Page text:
Few holidaymakers in Armatrice for its annual festival - to celebrate the famous local bacon and tomato sauce specialty ‘amatriciana’ - could have imagined the picturesque, historic town would be reduced to rubble overnight.

 

Italy, like New Zealand, is no stranger to earthquakes

 

Central Italy’s massive 6.2 magnitude earthquake devastated a string of isolated, centuries-old towns and villages that cling to the Apennine mountain range – destinations that swell with tourist numbers over the summer months.

 

It’s a timely reminder of the huge importance of what the UC Quake Centre does. A commitment to partner the best of worldwide academic and industry knowledge in seismic research solutions to save lives and preserve buildings.

 

Not unlike Canterbury’s 2010 4th September quake (that struck in the early hours of the morning) Italy’s latest 24th August violent tremor at 3:36am, caught everyone off-guard with it’s sudden, pounding arrival in the still of the night as people slept.

 

Italy has reeled from a death toll of more than 290 with numerous injuries. The quake’s epicentre was nearest the town of Norcia, 100km north-east of Rome, with the ancient towns of Amatrice, Arquata, Accumoli and Pescara del Tronto the worst affected.

 

Powerful aftershocks measuring up to 5.4 rocked the region, terrorizing already dazed, disorientated residents and hampering desperate, precarious rescue attempts to reach the voices under the rubble before it was too late.

 

 

Experts agree such earthquakes are ‘no surprise’ are ‘to be expected.’

Italy is one of the most seismically active countries in Europe, driven by the mighty collision of the African and Eurasian tectonic plates, much like New Zealand feels the squeeze in the clash between the Pacific and Australian plates.

Central Italy’s fault lines are compounded by ‘crustal extension.’ Eastern central Italy is moving to the northeast relative to Rome, essentially ‘pulling apart’ along the Apennines mountain range.

The overall result is a major fault system that runs the length of Italy, with a series of smaller faults fanning off to the sides. And the foundations of many historic buildings perch vulnerably on top of it all, most without modern earthquake engineered strengthening in place.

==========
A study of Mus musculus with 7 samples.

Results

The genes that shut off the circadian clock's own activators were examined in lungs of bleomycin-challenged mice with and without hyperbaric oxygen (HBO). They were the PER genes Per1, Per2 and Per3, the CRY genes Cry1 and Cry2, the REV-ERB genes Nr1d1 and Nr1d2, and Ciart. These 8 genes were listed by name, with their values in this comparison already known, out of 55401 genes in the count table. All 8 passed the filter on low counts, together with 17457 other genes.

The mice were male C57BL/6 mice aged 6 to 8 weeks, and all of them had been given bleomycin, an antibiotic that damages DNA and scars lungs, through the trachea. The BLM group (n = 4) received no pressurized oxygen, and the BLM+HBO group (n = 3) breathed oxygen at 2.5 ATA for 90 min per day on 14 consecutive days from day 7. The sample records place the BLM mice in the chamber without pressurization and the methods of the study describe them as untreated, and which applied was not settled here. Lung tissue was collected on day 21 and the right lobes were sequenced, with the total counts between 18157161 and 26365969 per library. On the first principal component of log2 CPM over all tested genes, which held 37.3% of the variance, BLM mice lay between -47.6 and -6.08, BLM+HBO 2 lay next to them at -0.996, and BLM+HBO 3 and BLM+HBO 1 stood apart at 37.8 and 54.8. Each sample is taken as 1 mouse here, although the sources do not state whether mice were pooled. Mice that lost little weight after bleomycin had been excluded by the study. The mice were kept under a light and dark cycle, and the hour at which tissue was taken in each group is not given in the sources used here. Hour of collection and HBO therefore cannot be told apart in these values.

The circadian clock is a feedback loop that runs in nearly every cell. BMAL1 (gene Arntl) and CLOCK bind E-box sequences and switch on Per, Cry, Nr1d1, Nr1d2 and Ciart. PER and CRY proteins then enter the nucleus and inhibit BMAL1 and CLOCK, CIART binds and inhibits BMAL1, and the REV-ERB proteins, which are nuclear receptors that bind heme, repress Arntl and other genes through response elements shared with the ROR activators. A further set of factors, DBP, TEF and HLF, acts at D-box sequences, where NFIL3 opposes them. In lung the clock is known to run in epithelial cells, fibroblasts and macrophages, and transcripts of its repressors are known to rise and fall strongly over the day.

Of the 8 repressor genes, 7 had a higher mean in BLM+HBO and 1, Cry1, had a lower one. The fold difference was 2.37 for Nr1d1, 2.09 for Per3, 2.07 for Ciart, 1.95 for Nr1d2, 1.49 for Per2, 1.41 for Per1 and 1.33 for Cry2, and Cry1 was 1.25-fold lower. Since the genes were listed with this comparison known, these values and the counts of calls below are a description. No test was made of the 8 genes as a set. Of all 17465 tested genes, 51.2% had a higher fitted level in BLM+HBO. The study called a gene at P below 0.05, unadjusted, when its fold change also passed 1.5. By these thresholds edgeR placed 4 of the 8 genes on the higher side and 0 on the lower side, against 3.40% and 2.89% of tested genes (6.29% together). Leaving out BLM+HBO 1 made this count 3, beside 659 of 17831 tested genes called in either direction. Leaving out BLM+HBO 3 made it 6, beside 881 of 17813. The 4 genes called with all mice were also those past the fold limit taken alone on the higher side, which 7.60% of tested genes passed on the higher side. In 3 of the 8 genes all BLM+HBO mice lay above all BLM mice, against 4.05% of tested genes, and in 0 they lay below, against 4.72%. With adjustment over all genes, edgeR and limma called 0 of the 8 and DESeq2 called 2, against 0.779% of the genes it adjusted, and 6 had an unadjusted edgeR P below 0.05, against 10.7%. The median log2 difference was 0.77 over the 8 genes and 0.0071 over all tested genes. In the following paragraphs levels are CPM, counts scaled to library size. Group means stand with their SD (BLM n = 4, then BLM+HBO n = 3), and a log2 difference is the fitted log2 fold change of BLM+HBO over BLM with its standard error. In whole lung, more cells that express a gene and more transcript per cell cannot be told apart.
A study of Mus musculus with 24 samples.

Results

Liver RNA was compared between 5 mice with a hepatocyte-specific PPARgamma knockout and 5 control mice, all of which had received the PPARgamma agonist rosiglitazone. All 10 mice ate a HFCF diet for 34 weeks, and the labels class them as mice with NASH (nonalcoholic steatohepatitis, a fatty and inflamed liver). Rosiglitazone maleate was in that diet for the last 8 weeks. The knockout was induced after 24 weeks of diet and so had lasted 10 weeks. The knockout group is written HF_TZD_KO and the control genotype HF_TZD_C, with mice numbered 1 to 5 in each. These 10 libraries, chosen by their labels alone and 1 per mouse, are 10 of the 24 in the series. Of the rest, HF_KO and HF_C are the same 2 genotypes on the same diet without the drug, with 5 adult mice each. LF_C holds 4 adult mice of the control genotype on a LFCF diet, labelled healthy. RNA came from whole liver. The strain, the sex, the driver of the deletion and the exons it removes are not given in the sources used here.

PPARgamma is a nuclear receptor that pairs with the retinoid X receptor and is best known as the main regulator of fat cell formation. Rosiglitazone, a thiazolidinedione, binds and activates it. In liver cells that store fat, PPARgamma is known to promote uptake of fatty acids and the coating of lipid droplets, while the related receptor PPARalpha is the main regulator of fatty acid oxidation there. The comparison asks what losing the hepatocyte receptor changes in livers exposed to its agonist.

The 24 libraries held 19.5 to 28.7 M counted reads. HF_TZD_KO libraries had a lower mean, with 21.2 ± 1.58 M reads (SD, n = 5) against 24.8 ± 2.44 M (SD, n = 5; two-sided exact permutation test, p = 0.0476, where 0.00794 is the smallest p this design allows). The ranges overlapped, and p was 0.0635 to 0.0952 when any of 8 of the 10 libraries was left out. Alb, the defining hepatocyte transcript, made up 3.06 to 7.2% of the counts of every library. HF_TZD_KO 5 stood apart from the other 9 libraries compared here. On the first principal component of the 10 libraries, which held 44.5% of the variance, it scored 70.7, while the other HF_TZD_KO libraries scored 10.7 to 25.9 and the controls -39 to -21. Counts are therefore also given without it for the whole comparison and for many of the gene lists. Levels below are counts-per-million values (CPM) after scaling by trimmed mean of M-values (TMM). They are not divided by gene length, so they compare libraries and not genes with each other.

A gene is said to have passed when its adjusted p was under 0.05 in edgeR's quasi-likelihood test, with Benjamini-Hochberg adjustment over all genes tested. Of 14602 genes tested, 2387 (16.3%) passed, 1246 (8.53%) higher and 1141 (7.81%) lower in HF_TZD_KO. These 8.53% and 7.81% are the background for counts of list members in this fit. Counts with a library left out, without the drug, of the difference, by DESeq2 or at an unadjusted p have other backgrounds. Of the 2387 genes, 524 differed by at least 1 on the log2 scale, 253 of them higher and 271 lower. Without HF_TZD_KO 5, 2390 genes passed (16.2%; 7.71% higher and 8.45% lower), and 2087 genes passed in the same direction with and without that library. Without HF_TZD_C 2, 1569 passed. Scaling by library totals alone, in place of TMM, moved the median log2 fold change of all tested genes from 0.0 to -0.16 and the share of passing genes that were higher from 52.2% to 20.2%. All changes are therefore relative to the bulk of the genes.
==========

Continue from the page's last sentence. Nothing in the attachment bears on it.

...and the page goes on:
Thousands have died over the centuries as a result of quakes of similar magnitude to Central Italy’s latest event. A trio of magnitude 6.0 shakes in 1703 killed at least 10,000 people in the region, while in 1915 a 6.9 quake claimed 30,000 lives.

More recently a 6.3 earthquake that shook the Central Italian town of L’Aquila in 2009 killed 308 and destroyed thousands of homes and a university.

Thankfully, due to more robust, modern building standards, better resilience preparation and a more co-ordinated emergency response we tend not to see deaths from earthquakes that run into the thousands in Italy anymore.

A modern response that is thanks, in large part, to earthquake engineers like New Zealand’s very own University of Canterbury Professor Nigel Priestley, who has some very strong links with Italy. 

 

 

The late Dr Nigel Priestley co-founded the internationally renowned Reduction of Seismic Risk (ROSE) School in 2002 in the peaceful, historic Italian town of Pavia.

Considered “the godfather of earthquake engineering” Dr Priestley transformed the way the world thinks about seismic solutions with his fresh approach to engineering problems, seismic design and building codes.

It was at the ROSE school in Pavia that Quake Centre Director, Dr. Robert Finch attended the annual ‘International Nigel Priestley Seminar’ to chair a session at the May 2015 event.

“Connections such as our links to Italy’s ROSE School are vitally important, especially in terms of research and changes in thinking regarding seismic engineering,” says Dr. Finch. “Obviously we cannot change the geological cause, but what we can do is make improvements in earthquake engineering to help community resilience.”

Contemporary building infrastructure is now much safer thanks to advancements in earthquake engineering but Italy, like New Zealand is still on shaky ground. And as witnessed by Central Italy’s latest devastating quake many, especially older, buildings are not strengthened to modern standards - with tragic consequences.

Voted one of Italy’s most beautiful, historic towns in 2015, Armatrice now lies in ruins. It seems unlikely that it, or any of the other ancient towns that have stood for centuries on the Appenines, can ever be rebuilt as they were. Hundreds of years of history toppled in an instant.

 

The UC Quake Centre is proud to be a contributing part of earthquake research and engineering to help lay the foundations for better community seismic resilience in New Zealand, Italy and around the world.